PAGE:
Nature of surfaces has been a stark difference while playing Test matches at home during the captaincy stint of Virat Kohli and his predecessor Mahendra Singh Dhoni. While Dhoni preferred to exploit home advantage by pitches that overtly assisted India’s spinners, Kohli after following the tradition early on has evolved into adapting a fair use policy.
While it hasn’t really diminished the impact of spin twins R. Ashwin and Ravindra Jadeja in Tests at home, the policy has resulted in India’s potent pace attack coming into the game even more than the past. Ishant Sharma has finally evolved as a mature bowler during the period, while Umesh Yadav has been one of the key perfomers at home, as he displayed during the 13-Test season at home in 2016-17.
Mohammed Shami has been lethal whenever he has got an opportunity, as he displayed with his five-wicket haul on the fifth day in Visakhapatnam. Even Bhuvneshwar Kumar has used the conditions to his advantage. Not to mention a certain Jasprit Bumrah is yet to wear India’s whites at home.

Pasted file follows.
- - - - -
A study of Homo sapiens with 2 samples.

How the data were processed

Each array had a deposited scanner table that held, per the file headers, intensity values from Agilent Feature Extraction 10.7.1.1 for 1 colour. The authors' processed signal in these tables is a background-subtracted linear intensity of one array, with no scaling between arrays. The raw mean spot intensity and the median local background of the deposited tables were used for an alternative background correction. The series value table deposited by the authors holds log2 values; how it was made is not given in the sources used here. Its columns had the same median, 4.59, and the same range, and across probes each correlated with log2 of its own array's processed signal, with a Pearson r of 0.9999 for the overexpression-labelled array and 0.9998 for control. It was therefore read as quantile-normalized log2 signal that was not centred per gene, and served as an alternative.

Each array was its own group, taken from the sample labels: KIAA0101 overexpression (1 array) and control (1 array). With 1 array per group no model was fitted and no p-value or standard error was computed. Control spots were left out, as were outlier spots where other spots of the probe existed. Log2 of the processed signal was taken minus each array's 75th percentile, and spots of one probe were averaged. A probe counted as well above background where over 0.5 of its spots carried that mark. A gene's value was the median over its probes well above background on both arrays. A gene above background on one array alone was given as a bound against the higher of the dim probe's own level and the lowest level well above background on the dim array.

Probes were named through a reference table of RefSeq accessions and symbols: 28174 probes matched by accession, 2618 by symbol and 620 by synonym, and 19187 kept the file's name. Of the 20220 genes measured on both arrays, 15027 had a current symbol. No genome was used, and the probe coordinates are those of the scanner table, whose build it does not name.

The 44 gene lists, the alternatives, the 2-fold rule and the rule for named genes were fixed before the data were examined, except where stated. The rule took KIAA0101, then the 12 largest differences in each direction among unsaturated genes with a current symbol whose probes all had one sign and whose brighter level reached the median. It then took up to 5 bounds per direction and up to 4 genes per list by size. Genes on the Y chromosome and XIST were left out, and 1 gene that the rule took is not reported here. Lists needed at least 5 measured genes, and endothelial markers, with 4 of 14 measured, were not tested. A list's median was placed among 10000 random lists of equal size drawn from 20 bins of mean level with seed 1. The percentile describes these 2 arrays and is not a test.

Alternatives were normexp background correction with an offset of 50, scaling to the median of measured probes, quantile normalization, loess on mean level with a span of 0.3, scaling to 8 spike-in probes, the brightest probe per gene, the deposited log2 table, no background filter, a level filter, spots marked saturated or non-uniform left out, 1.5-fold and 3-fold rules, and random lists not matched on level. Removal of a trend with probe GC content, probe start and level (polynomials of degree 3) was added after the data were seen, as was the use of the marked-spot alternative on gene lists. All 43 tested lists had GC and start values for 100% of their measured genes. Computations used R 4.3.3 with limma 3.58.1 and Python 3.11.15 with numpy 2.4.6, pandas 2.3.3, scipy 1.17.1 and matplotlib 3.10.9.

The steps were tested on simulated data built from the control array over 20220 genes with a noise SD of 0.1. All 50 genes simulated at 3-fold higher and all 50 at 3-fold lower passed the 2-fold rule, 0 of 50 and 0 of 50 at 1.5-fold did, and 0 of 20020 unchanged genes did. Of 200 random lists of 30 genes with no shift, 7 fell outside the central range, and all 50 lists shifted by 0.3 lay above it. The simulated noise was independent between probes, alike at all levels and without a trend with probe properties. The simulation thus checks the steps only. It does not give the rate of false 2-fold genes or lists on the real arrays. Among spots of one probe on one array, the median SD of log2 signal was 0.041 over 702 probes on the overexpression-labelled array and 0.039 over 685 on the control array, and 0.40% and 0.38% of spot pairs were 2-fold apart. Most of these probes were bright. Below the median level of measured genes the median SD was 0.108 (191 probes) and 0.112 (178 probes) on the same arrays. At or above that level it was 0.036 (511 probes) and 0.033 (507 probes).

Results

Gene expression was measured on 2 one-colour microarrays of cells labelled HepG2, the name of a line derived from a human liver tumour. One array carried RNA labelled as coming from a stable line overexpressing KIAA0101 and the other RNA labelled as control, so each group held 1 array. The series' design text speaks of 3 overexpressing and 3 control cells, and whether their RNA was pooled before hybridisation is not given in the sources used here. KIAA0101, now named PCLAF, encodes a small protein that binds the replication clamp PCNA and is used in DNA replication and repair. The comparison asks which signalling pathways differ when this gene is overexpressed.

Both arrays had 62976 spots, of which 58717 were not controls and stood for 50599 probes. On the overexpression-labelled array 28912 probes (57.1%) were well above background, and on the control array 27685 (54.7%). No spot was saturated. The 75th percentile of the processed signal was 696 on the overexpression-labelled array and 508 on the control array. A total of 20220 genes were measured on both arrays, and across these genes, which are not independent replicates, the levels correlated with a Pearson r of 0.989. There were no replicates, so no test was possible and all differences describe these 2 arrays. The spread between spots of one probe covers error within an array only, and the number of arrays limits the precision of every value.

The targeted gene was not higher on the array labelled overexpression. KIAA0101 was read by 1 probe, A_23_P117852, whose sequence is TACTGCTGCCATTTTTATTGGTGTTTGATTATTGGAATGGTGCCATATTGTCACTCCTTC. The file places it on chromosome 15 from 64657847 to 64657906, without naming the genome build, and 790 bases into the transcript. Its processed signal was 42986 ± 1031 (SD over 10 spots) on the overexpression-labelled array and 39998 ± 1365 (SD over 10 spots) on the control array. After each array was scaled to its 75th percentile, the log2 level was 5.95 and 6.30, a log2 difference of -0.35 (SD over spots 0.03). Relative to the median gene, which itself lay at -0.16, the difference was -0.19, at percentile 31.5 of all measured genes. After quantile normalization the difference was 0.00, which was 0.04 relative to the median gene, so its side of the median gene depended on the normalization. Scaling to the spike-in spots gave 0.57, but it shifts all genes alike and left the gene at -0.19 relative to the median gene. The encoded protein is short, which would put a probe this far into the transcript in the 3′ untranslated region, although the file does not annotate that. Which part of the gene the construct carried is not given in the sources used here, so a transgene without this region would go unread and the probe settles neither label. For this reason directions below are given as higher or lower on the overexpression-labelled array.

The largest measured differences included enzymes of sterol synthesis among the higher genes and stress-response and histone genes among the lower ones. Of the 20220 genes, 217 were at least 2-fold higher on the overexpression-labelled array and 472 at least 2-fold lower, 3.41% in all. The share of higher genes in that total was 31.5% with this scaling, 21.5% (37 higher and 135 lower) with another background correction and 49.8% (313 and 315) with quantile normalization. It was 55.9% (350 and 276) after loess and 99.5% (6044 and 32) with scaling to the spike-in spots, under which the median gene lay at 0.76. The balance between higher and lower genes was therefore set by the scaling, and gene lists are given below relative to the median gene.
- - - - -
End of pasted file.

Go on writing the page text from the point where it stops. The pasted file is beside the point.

Arun, India’s bowling coach, stressed that India’s pacers have the requisite skillset to succeed in varied conditions. “I think there is a chance for pacers on any track provided they have necessary skills and our fast bowlers have done quite well in abroad and in India. In Indian wickets, when the ball spins, it also becomes conducive for reverse swing, all our bowlers are pretty good at reverse swing,” Arun, a former Test pacer himself, said here on Tuesday ahead of India’s second Test versus South Africa starting Thursday.
While the opposition pacers have failed to restrict India’s batting line-up — as was evident in Visakhapatnam with Ishant and Shami overshadowing the combination of Kagiso Rabada and Vernon Philander — Arun stressed that plying trade in domestic cricket helps India’s pacers execute reverse swing better.
“Our bowlers are pretty skilful at reverse swing because when we play domestic cricket, the wickets are flat tracks and normally sometimes you get outfield which is not great. For a bowler to be successful, one needs to learn how to reverse the ball,” Arun said.
“I think domestic cricket contributes a lot as you can see that most exponents of reverse swing come from sub-continent because conditions in the sub-continent needs the bowler to adapt, they learn how to bowl reverse swing.”
With the unpredictable weather conditions in Pune for the second Test, it would be interesting to see if the pacers are faced with a task to succeed against the odds or in favourable conditions.